The most effective treatment for people addicted to opioids is medication in combination with behavioral therapy. The oldest and best known such medication is methadone, but methadone, by law, must be administered to the patient daily at a clinic—a enormous obstacle for busy people and people in rural areas who don’t live near a methadone clinic.
Buprenorphine, better known by its brand name, Suboxone, is also an effective drug and is available by prescription. People can pick it up at the pharmacy like any other drug. That’s a big part of why Suboxone is regarded as a critical medication to halting the worst drug crisis in American history. With Suboxone, “most of my patients say they can do more things in their life. They can get a job, and their family life is better,” said Roopa Sethi, M.D., an addiction psychiatrist in the addictions clinic at The University of Kansas Health System.
But only one in four people addicted to opioids—prescription painkillers such as oxycodone and hydrocodone, heroin, and synthetic opioids such as fentanyl— receives medication-assisted treatment. “It’s shocking how few people with an opioid use disorder are receiving treatment today,” said Andrew Roberts, Pharm.D., Ph.D., assistant professor in the Department of Preventive Medicine and Public Health at the University of Kansas School of Medicine. “It [buprenorphine] is possibly the lowest hanging fruit we collectively have to make a dent in the opioid crisis.”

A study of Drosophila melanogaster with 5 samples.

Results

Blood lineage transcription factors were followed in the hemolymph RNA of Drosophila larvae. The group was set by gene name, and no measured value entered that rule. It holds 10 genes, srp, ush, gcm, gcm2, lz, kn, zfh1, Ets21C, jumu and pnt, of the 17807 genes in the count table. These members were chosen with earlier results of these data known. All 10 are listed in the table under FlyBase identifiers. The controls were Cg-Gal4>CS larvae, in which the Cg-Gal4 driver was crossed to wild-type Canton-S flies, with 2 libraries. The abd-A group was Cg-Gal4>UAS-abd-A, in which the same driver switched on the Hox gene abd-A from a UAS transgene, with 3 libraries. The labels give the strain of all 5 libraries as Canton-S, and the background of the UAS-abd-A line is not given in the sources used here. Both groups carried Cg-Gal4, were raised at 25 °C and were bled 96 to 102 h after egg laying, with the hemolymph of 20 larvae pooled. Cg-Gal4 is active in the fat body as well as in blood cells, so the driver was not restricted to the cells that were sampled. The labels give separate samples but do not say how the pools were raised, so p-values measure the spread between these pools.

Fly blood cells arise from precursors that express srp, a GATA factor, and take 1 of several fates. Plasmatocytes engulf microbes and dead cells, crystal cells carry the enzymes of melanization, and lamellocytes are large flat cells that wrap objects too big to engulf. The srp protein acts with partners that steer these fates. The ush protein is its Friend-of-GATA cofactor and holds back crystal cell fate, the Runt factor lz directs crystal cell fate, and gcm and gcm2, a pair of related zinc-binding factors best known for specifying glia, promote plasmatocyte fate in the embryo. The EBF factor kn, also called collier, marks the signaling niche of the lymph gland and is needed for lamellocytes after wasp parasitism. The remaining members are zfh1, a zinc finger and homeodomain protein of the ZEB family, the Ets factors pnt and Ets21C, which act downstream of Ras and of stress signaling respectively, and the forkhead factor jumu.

Roberts is conducting research to help identify and ultimately eliminate barriers to opioid addiction treatment, and buprenorphine in particular. In this video, he describes his research into one potential barrier to access to buprenorphine: cost. Sethi describes her work at the addictions clinic, how Suboxone works in the brain, and what steps The University of Kansas Health System is taking to improve people’s access to medication-assisted treatment.